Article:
Crime on the Long Beach portion of the Blue Line has dropped dramatically since the Long Beach Police Department entered into a contract to patrol stations in the city, the department announced this week. But it may have come courtesy of an aggressive police presence.
According to a Thursday press release from the department, part 1 crimes (which includes rape, robbery and aggravated assault) have dipped by 50 percent from July 2017 to July 2018, while part 2 crimes (less serious crimes like vandalism, drug violations, disorderly conduct and assaults) have dropped by 80 percent.
The department did not provide raw statistics to compare arrests previous to July 2017, when it started patrolling the Blue Line.
An examination of the past year of crime statistics disclosed in monthly reports by Metro show that these decreases in crime are coupled with a sharp rise in arrests by Long Beach officers on the Blue Line. While only policing about 4 miles of track and eight rail stations, the LBPD logged 1,450 arrests in the last year—which amounts to more than half of all arrests throughout the 98-mile, 93-station rail system.
The figures represent the 13-month span from July 2017 to July 2018—the latest figures made available by Metro—excluding June 2018, which was not found in Metro’s monthly reporting records.
The areas outside of Long Beach are patrolled by the Los Angeles Police Department and Los Angeles County Sheriff Department deputies.
Over the past year, the Blue Line as a whole saw by far the largest numbers of arrests (2,018 arrests), with the Green Line (293 arrests) and Gold Line (114 arrests) rounding out the top three.
LBPD began patrolling Blue Line stations in July 2017 after the Metro board of directors unanimously approved a five-year, $646 million contact earlier that year.
The contract gave the city $30 million to patrol eight stations in Long Beach over a five-year period, and the agency entered into similar contracts with the LAPD and the LASD.
The local department, which patrols about one-third of the Blue Line, has since accounted for nearly 72 percent of all arrests made along the Blue Line by all three agencies, and has given out over 65 percent of all citations along the route.
Systemwide, LBPD has made 54.5 percent of all arrests, but has issued only about 7 percent of all citations. Other lines patrolled by the LAPD like the Red, Orange and Silver totaled just 155 arrests total but logged over 12,000 citations.
“The officers are doing an amazing job and we want to highlight that,” said LBPD spokesperson Arantxa Chavarria. “We can’t comment or speculate on why the sheriff’s department or LAPD’s numbers are different.”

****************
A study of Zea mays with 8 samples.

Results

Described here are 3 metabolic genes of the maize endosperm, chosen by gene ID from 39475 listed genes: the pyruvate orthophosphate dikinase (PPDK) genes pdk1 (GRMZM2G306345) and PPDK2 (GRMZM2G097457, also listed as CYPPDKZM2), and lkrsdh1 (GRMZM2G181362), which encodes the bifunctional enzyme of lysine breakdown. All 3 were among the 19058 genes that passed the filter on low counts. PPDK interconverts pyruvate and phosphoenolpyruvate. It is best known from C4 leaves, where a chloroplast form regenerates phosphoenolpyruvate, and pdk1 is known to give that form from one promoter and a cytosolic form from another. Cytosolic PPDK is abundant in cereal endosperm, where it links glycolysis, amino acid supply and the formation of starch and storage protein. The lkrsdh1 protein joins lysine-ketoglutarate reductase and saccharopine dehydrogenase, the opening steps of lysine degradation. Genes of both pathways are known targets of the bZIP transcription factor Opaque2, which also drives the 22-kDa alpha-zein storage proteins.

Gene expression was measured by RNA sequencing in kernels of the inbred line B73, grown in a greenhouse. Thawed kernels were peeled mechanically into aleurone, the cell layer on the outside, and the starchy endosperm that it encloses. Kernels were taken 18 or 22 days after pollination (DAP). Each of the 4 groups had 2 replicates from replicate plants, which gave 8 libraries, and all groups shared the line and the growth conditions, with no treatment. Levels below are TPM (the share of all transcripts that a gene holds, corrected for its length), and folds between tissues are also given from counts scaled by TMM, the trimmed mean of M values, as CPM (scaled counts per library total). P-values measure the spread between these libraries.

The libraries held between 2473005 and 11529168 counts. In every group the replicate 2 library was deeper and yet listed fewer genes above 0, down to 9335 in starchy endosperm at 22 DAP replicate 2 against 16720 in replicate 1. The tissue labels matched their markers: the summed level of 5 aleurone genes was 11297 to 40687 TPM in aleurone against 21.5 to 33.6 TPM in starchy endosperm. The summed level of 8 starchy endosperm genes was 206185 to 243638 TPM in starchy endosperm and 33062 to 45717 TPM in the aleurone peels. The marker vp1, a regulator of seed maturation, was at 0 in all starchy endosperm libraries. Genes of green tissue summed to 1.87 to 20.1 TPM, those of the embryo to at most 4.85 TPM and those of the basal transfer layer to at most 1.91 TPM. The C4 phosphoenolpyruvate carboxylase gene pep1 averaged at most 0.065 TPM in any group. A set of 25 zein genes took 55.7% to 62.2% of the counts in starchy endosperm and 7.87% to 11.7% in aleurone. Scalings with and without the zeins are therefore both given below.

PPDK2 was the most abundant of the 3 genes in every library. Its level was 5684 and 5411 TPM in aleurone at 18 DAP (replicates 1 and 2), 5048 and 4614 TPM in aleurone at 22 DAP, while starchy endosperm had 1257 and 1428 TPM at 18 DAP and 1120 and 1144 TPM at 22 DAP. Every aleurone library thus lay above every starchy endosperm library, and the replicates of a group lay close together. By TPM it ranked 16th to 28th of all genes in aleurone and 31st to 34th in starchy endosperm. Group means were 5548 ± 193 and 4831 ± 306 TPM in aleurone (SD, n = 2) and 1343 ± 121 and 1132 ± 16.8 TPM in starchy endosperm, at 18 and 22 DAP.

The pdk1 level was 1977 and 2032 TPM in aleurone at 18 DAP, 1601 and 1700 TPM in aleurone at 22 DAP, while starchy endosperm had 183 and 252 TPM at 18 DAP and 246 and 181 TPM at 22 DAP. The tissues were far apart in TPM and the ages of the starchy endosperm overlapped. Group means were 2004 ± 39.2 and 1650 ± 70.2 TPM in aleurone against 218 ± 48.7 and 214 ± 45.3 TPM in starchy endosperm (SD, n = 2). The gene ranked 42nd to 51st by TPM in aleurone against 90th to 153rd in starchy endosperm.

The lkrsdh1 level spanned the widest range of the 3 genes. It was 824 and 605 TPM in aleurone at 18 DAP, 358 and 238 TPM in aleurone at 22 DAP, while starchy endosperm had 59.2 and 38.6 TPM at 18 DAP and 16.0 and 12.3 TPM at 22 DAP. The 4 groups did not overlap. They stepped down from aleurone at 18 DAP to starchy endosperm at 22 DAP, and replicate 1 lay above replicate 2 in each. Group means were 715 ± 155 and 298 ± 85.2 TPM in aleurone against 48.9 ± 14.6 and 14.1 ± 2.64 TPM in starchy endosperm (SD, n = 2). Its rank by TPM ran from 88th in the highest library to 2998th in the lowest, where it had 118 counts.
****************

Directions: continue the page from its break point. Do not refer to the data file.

The segment that the LBPD patrols starts in Downtown and ends at the Wardlow Station, which is about a 4-mile stretch.
Metro officials said safety concerns may be a reason why ridership has sagged in recent years. Putting local officers on trains was the proposed solution to both promoting a safe riding atmosphere, but also cutting down on response times, which were near 15 minutes.
LBPD also announced Thursday that its response time improved to 2.38 minutes, below the network average.
“I want to take this opportunity to thank the men and women of our Department for their outstanding success in reducing crime and disorder on the Blue Line during the first year of our contract,” LBPD Chief Robert Luna said in a statement. “This is a true testament of the commitment, professionalism of our personnel and the partnerships we have developed with our community.”
Since July 2017, the Blue Line has seen a few high profile crimes, including a man who was stabbed at the Anaheim Station near a year ago. In November, a knife-wielding man was struck by a hit-and-run driver after fleeing from LBPD officers. Last month a video of an unconscious Blue Line passenger being dragged off the train and left on the platform went viral, but the Los Angeles District Attorney’s office declined to file charges.
In the year that the LBPD has patrolled Blue Line stations, two people have died after being struck by the Blue Line: one was believed to have been a suicide while the other is the focus of a federal lawsuit filed last month by the family of man who died after being pinned between a train and the platform at the Wardlow Station after a struggle with police.
Jason Ruiz covers City Hall and politics for the Long Beach Post. Reach him at [email protected] or @JasonRuiz__LB on Twitter.